ER Editor: As predicted, with Matteo Salvini gone, at least for now, the new Italian government is ready to ramp up the admission of illegal migrants. But this could come back to bite them as, according to the article below, other countries don’t want migrant quotas imposed on them in order to ‘share the load’. The Dublin system is cited below, which has historically put the onus for the migrants on the country that first receives them, usually in southern Europe. Italy could find itself overburdened once again, a situation which Salvini was trying to prevent with the support of the electorate. This from Euractiv:
Under the current legislative framework, the first EU country that asylum seekers enter is responsible for examining their asylum claim. Countries such as Italy, Greece and to a lesser extent Malta and Spain, which are the frontline of migrants’ routes to Europe, have repeatedly protested against the disproportionate responsibilities that Dublin imposes on them.
As we recently reported, the smart money is predicting all this, as well as a backlash from Italians, causing the return of Salvini at some future time with an even bigger share of voter support. See Italy’s 5 Star makes deal with EU devil in desperate attempt to stop Salvini (Video).
Italy’s new government green-lights NGO landings
The new direction of the Italian Conte II Cabinet regarding migrants has been outlined, and it is a different route, if not the opposite, to the one taken in the last 14 months by Matteo Salvini.
With the arrival of Luciana Lamorgese (pictured) at the head of the Interior Ministry, Prime Minister Giuseppe Conte, the Democratic Party and the M5S are preparing to dismantle what has been done by the leader of the League.
The first objective, noted Italian daily Corriere , is to overcome the Dublin treaty, but above all the desire to “distance oneself from the management of the Brussels attack wanted by Matteo Salvini”.
At the EU Commission, where Paolo Gentiloni will play an important role, the new government, according to the Via Solferino newspaper, will be preparing to “accept the disembarkation of NGO ships and military vessels involved in aid in the Mediterranean, with the guarantee that at least some foreigners will immediately find hospitality in other EU states”.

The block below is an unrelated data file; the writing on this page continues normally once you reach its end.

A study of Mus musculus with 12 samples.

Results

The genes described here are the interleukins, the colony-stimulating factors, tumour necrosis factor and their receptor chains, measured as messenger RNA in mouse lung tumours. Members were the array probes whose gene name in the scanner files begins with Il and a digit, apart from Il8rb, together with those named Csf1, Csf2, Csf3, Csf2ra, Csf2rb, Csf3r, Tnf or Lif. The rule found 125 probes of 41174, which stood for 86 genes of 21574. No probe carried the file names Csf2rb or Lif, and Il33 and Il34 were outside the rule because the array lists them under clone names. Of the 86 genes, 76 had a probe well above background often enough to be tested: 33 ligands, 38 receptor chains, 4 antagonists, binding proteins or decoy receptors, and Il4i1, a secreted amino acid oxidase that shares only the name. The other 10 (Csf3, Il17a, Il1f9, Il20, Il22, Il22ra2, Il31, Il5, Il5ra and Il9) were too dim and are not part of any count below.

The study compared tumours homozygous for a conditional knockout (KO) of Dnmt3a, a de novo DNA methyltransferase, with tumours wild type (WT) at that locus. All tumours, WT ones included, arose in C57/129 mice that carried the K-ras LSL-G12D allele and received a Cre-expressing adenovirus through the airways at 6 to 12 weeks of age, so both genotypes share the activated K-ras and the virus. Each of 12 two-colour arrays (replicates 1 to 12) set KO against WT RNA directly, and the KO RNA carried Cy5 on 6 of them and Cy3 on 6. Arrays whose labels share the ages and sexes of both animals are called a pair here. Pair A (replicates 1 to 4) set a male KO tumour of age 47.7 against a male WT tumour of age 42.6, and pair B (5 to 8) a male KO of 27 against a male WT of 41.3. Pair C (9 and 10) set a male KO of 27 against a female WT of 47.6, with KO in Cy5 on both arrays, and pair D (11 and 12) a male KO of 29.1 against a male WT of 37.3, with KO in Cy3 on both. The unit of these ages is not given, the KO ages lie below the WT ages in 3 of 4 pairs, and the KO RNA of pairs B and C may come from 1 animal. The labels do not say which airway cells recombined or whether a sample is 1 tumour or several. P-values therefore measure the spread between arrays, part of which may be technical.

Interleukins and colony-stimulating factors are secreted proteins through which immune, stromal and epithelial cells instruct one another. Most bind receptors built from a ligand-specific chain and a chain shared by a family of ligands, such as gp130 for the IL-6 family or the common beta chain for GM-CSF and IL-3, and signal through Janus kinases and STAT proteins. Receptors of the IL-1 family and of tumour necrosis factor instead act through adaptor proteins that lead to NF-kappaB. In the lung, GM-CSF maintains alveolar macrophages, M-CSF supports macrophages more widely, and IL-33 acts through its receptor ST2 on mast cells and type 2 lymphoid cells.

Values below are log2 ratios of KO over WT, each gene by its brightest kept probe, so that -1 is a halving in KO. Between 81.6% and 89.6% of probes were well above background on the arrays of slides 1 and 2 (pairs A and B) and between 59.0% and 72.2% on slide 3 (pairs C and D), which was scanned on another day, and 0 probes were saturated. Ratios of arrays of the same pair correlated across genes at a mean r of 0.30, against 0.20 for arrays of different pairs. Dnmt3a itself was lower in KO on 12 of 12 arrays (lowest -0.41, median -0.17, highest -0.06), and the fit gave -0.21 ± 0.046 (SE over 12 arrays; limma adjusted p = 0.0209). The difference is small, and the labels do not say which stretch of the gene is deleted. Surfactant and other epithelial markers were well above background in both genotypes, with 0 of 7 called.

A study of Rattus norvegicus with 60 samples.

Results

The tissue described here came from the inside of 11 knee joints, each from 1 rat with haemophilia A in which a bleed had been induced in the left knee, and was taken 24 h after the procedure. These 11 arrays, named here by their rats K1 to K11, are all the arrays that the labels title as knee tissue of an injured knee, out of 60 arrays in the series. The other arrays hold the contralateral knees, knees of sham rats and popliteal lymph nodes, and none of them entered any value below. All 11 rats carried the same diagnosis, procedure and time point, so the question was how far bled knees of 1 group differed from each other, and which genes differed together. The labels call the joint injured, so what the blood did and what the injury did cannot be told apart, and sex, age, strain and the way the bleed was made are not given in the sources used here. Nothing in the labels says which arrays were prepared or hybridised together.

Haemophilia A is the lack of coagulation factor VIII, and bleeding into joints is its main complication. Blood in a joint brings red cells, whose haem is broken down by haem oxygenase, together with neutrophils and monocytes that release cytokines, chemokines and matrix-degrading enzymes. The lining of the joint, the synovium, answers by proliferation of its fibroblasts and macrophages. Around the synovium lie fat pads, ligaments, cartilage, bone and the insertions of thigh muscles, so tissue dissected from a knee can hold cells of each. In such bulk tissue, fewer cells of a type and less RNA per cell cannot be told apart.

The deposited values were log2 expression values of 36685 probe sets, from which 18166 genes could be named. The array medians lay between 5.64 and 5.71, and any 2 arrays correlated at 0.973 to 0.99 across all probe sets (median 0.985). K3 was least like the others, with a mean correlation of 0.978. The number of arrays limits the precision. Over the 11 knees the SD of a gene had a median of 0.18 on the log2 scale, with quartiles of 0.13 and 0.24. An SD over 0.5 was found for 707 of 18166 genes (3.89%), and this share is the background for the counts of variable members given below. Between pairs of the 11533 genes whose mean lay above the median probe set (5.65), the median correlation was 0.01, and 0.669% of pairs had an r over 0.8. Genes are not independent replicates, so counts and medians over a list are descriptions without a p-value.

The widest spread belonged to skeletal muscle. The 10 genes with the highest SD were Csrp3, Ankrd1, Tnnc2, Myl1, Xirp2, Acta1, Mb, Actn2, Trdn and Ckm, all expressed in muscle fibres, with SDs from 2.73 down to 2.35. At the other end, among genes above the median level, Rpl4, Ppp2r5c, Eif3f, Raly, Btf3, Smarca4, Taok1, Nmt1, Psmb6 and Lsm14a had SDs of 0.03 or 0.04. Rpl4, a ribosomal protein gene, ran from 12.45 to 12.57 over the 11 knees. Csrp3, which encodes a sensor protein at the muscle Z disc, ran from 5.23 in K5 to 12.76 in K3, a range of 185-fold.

This plan is known as the “Triton model,” suggesting the “shared management of maritime border control”.
All migrants picked up at sea will be brought to Italy, given that the agreement provides that “all naval units participating in the operation and operating under the command of Rome are authorized by Italy to land on its territory, in safe conditions, and the people intercepted and saved”.
In exchange the Interior Ministry, together with the Foreign Ministry of Luigi Di Maio, could ask the EU to fix quotas for the redistribution of migrants. However, several countries have always responded negatively to the idea of mandatory quotas. The government will then have to be content with the simple “willingness of other states to welcome migrants when they are on board ships”, as has happened in the past.
With Salvini in government and the blocking of ships, this supposed “willingness” was exposed as a great barrier.
On the readmission of illegal migrants, the goal of the government would be to ensure, by means of a “delegation to the European Commission, a broader agreement involving international structures such as the IOM and UNHCR, just to reiterate the need for a shared strategy that does not single out our country as being ‘the only gateway to Europe’”.
Finally, the new government will also work on revising the Security Decree, in particular, the fines against the human-trafficking NGOs given the “obligation to provide assistance to those who find themselves in difficulty envisaged by international conventions”.
League leader Salvini on Monday blasted the new government as Conte addressed the Lower House ahead of two confidence votes in parliament.
Salvini told a demonstration in front of the Lower House that the “piece of Italy” protesting against the new government represented the “majority in the country asking for a vote”. He said: “Today the division between the closed palace and the Italy in the street” is “evident”.
The former minister said he sent greetings to the “poltronari”, referring to politicians he accused of clinging on to their posts, adding that “we continue to ask honor and dignity”, addressing demonstrators.
Salvini pulled the plug on Conte’s first government last month, prompting his former partners in the 5-Star Movement (M5S) to agree a pact with the Democratic Party (PD) to form a new executive. The League chief wants early elections.
The Facebook and Instagram accounts of pro-Italian sovereignist groups CasaPound and Forza Nuova (FN) were meanwhile blocked on Monday. The official profiles of the movements are no longer accessible, as well as those of many national, local and provincial chiefs including candidates elected in many Italian cities.
“This is an unprecedented attack. We are disgusted,” said CasaPound President Gianluca Iannone. “It is a situation that reflects the current situation of the government of (clinging to) posts.
“We will file an urgent class action law suit against an act of disgraceful prevarication”. A Facebook spokesman told ANSA that “persons or organisations that spread hatred or attack others on the basis of who they are will not have a place on Facebook and Instagram”.
He said “the accounts which we removed today violate this policy and will not be able to be present on Facebook or Instagram”. It is not the first time that Facebook has taken such action against CasaPound.